A low-income senior woman is assisted by a social worker. (Photo/Xinhua)
China's Gini coefficient, officially released after more than a decade by the country's National Bureau of Statistics, could be failing to catch the grey income of China's wealthy due to their refusal to fill out the survey.
On Jan. 18, the bureau reported that between 2003-2012, the country's Gini coefficient, a gauge of income equality, ranged from 0.47-0.49, peaking at 0.491 in 2008 before declining gradually to 0.474 in 2012.
At the end of 2012, the bureau formulated a unified household survey system, thereby establishing a unified income index. From Dec. 1, it started to compute the incomes of 400,000 sample households for the income-equality survey according to the new system.
Yue Ximin, a professor at the School of Finance at Beijing's Renmin University of China, remarks that the Gini coefficient ranging 0.47-0.49 during 2003-2012, as released by the National Bureau of Statistics, is basically credible.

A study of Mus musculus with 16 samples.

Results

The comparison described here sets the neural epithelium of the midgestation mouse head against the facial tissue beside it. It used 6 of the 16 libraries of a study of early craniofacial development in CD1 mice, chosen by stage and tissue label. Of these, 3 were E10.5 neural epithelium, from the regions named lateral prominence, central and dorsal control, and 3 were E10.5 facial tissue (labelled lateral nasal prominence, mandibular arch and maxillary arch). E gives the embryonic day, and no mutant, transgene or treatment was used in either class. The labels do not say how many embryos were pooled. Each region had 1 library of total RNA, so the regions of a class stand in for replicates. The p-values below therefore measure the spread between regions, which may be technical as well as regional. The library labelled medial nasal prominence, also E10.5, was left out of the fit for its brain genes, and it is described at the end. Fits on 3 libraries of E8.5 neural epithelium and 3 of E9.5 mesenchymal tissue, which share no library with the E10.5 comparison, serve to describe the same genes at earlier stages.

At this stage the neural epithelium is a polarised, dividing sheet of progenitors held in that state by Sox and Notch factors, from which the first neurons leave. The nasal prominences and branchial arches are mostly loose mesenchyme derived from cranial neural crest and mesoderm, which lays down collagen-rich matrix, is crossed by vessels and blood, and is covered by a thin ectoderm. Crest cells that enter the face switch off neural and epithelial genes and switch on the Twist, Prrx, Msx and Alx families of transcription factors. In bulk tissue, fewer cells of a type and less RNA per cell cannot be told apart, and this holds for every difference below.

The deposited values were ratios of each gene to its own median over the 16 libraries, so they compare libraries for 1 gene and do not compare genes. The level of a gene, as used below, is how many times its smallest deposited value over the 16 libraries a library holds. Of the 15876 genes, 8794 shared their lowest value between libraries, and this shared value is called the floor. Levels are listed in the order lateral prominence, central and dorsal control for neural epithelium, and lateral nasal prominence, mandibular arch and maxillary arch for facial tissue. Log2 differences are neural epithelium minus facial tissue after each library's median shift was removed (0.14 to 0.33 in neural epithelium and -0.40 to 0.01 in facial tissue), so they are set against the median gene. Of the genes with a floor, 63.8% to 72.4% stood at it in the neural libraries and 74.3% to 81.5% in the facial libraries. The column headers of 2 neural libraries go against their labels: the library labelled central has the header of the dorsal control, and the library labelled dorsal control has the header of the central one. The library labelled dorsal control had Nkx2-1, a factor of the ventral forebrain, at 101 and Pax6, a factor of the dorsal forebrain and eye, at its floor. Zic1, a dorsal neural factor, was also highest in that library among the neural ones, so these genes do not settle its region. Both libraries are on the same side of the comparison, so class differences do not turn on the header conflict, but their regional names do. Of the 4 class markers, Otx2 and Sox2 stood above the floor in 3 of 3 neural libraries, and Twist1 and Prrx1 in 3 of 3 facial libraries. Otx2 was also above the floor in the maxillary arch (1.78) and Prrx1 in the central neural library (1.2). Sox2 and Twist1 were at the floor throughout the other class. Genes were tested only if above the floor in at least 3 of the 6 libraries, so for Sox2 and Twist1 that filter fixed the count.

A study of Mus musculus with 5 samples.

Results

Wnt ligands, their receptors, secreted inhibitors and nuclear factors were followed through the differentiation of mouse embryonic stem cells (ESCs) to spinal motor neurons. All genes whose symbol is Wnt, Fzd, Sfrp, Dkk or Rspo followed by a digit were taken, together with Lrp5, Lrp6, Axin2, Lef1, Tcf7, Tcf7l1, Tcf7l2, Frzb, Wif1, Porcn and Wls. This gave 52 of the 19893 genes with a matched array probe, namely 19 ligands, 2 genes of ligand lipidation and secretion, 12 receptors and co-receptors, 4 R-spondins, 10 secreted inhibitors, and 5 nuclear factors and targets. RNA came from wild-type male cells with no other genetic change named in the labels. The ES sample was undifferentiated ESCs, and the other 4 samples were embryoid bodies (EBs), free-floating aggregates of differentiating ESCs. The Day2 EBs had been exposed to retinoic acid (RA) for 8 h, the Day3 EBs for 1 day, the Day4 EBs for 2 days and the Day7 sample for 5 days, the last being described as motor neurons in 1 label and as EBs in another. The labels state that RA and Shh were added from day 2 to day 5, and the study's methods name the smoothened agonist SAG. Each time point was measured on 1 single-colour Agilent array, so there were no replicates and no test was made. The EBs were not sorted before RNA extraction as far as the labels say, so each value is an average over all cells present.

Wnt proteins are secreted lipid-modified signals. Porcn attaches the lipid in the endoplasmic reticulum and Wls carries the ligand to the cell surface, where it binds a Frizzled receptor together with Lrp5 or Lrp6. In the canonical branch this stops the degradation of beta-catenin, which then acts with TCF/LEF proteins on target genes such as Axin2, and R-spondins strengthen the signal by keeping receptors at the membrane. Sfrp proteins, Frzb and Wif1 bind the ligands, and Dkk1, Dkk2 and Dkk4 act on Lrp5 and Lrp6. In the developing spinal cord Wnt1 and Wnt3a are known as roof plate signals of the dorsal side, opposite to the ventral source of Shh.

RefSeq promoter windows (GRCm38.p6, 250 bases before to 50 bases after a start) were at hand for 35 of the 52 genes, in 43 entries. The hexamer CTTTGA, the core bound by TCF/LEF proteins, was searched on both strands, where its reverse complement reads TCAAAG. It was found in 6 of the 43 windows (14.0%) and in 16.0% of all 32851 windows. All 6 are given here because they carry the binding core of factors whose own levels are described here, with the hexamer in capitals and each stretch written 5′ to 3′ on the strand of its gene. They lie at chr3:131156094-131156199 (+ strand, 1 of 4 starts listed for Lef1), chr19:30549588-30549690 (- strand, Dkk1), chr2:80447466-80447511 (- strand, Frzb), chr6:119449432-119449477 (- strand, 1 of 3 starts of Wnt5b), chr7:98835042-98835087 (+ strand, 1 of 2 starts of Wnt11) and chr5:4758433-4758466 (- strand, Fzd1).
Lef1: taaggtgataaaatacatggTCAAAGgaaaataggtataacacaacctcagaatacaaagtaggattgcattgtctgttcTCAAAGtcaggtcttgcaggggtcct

Income sources for the new survey system include wage income, net business income, net assets income, net transfer income, and net rental income translated from the use of own residences.
Gan Li, director of the China Household Finance Survey at the Southwestern University of Finance and Economics in Chengdu, however, points out that the survey fails to specify the rate of refusal among the surveyed, which is related to the randomness of the samples.
Gan Li reports that in the national Gini coefficient survey carried out independently by the university, the national refusal rate is 11.6%, including 16% in urban areas and 3% in rural areas.
"High-income people are more likely to refuse the survey, which will affect the randomness of sampling," notes Gan.
Incomes of high-income people are likely to be underestimated, which is a major problem for the Gini coefficient survey, since these people often understate their income and hide their gray income.